How to Prep Collard Green Leaves for Low-Carb WrapsTuesday, March 08, 2016
Collard green wraps were a staple for me during my first couple rounds of the Whole 30 program. I was admittedly skeptical when I started seeing raw unseasoned collard greens all over vegan and paleo blogs. Collard greens are always something I associated with long cooking times (at the very least sauteed.) The leaves are pretty tough, which is an advantage for wraps because they'll hold up to being stuffed. However, they're a little too tough for the texture I'd want in a sandwich. In the same way that raw kale salads are much more enjoyable if the kale has been thoroughly massaged, collard green leaves are transformed by a quick blanch in salted water. After a few attempts, I figured out a technique that works to yield tender, seasoned collard green leaves that make perfect sandwich wraps. They'll still have a bite and chew left, but it's a welcome crunch that doesn't take away from the sandwich itself.
Obviously you'll be buying whole collard green leaves, which will need to be thoroughly washed once you get home. When you shop, look through the bunches and try to find the biggest leaves you can, free of holes or tears. It's much easier to use the wraps when you have one big gigantic leaf, but sometimes I just layer two smaller ones if necessary. I use a three step process to prep the leaves. First, I shave the thick stems that run down the center of the collard green leaves. Doing so makes the stems easier to bite and more flexible to fold as a wrap. Next, the collard greens are submerged for thirty seconds in boiling salted water. It's amazing how quickly the leaves become tender and bright green when blanched. The salt seasons the greens in the process. Finally, the blanched leaves are soaked in a bath of salted ice water and apple cider vinegar. The ice stops the cooking process and preserves the color of the collard greens, while the salt and vinegar add a hint of flavor. While none of this is difficult to do, you'll just need to set aside the time for it. The good thing is that you can do a bunch (or more) at a time and store them in the fridge just like you would keep sandwich wraps. Also, because the leaves are so sturdy, you don't have to worry about soggy sandwiches if you're packing lunch to go. The first time I made them, I immediately wondered why I hadn't always been doing this!
Having collard green wraps in my fridge really comes in handy for Whole 30 and any other time that I'm cutting back on bread. I also usually have cooked meat prepped for the week, so lunch is simple and compliant without having to think about it (or cook.) Most often, I use my wraps to make sandwiches with chopped grilled chicken breasts. The wraps in the photos above were filled with spicy grilled chicken, avocado and mango salsa. But collard green wraps are pretty versatile. Use them for cold or hot sandwiches, burritos, or even stuffed and baked in a casserole dish, smothered with a nice sauce. The sky's the limit, so once you get accustomed to prepping them you can have fun getting creative. What I love most about the collard green wraps is how they make me feel so energized. I don't know how to convey that or if there's a nutritional reason behind it, but it's almost like getting a healthy food buzz. So beyond being guilt-free food, this is food that will actually make you feel great. If you're excited to give collard green wraps a try, read on below for the step by step instructions!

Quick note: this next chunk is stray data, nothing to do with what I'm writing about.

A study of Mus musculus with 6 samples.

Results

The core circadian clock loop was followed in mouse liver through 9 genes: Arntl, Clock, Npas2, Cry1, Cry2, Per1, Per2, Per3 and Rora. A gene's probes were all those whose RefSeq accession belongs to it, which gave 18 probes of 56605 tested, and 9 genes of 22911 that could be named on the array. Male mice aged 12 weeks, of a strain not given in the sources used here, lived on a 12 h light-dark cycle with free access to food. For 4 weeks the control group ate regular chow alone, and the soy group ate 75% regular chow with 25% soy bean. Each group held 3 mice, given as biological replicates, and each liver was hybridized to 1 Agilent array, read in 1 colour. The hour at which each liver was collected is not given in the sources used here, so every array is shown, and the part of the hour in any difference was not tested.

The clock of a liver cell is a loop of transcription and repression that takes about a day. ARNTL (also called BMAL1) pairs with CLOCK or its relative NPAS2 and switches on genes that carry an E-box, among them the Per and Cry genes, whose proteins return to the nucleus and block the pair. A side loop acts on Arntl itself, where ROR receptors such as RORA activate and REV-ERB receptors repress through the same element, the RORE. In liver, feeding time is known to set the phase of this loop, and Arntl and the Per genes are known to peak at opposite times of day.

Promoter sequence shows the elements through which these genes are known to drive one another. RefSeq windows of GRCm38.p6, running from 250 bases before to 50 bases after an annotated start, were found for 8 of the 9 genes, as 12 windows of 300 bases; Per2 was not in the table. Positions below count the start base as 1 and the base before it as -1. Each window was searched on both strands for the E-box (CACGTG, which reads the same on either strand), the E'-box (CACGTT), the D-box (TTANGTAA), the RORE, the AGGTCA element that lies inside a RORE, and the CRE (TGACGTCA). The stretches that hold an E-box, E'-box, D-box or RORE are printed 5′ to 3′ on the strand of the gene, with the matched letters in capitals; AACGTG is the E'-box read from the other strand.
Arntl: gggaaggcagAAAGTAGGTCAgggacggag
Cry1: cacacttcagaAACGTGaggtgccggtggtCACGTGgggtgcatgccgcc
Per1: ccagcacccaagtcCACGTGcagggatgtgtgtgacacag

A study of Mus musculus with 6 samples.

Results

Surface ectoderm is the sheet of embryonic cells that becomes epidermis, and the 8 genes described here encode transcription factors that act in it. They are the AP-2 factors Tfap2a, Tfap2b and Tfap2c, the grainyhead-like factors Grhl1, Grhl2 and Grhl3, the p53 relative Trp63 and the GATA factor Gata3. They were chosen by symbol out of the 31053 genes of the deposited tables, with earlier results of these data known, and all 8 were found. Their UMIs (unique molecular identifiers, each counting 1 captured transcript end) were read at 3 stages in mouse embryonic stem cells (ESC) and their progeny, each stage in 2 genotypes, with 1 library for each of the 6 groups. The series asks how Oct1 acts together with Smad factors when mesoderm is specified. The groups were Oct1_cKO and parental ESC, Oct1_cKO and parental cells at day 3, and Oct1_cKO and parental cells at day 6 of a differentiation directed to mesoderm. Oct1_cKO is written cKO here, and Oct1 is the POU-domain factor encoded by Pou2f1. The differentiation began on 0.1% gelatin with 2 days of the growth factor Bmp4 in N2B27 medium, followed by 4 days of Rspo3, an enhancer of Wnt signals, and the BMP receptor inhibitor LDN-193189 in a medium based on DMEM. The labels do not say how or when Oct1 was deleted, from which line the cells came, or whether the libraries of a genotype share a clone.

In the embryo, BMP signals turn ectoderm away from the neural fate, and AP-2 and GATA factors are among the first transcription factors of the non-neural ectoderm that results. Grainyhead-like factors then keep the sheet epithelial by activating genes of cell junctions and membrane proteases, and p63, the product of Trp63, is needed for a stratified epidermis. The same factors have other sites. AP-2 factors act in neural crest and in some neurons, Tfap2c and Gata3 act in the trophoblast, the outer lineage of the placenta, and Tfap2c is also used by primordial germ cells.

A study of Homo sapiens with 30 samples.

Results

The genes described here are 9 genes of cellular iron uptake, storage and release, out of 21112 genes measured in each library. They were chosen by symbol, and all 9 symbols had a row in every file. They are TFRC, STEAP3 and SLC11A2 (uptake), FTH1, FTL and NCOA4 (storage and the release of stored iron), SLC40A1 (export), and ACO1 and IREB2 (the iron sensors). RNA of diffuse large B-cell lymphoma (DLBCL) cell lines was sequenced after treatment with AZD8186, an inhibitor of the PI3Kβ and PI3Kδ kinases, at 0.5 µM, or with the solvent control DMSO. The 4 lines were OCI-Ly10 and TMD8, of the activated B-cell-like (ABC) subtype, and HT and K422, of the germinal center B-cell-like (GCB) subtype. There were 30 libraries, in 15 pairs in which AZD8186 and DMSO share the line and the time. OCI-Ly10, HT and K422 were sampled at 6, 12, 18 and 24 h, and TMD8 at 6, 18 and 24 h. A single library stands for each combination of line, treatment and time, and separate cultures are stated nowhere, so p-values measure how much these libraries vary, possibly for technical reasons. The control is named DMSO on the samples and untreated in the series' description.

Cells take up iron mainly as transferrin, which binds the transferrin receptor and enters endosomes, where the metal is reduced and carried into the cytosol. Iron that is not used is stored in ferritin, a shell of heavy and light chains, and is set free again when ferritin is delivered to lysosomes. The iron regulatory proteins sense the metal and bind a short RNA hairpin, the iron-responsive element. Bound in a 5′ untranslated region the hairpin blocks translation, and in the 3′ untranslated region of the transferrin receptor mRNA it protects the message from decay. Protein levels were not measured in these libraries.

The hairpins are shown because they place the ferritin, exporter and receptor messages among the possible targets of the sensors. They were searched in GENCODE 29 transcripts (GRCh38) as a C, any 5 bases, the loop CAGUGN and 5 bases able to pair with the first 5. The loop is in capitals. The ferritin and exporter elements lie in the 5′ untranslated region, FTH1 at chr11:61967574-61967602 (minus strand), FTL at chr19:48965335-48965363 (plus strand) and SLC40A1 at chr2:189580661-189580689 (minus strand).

Active Time: 30 min
Total Time: 1 hour
Special Equipment: large pot, paring knife
Fill up a clean sink with cool water and swish those greens around to rinse them of any grit or debris. Drain the sink, rinse the greens off, and repeat once more. While those are hanging out, bring a large pot of salted water to boil. Salt the water like you would for pasta or potatoes; enough that you can taste it.
I like to leave the greens soaking in water as I continue with the next step. One at a time, place a collard green leaf on your cutting board and use your paring knife to carefully shave the thick middle stem. Just take off enough so that the stem feels flat, and try not to tear the leaf. You can also cut off the skinny end of the leaf to make a more even, rounded shape for your wraps.
Drop the trimmed leaves into the boiling salted water, a few at a time. After 30 seconds, they'll be bright green and wilted.
Transfer the blanched collard greens right into the ice bath. Let them hang out for 20 to 30 minutes. It won't hurt anything if you forget about them for longer though, trust me I have.
After the collard greens have cooled and had time to soak, dry each one off between paper towels. I layer each leaf (or a set of two leaves if they're small) between sheets of parchment or wax paper. Then I slide the whole stack into a resealable plastic bag and keep it in the fridge for up to a week. It's just like having a package of traditional sandwich wraps in my fridge!
You can roll up the collard green wraps like you would with any tortilla or sandwich wrap. Tuck the sides in like a burrito or leave them open ended like the pulled pork and slaw wraps below. If you're using ingredients that are on the drier side, a little bit of aioli, mustard or avocado helps the wrap stick together.
Updated 3/14/16: I thought it made more sense to include some instructions on folding the wraps right here within the post, so here you go:
If you feel compelled to cut them (like I did, but mostly for presentation) a serrated knife is easiest to use. Hope this helps!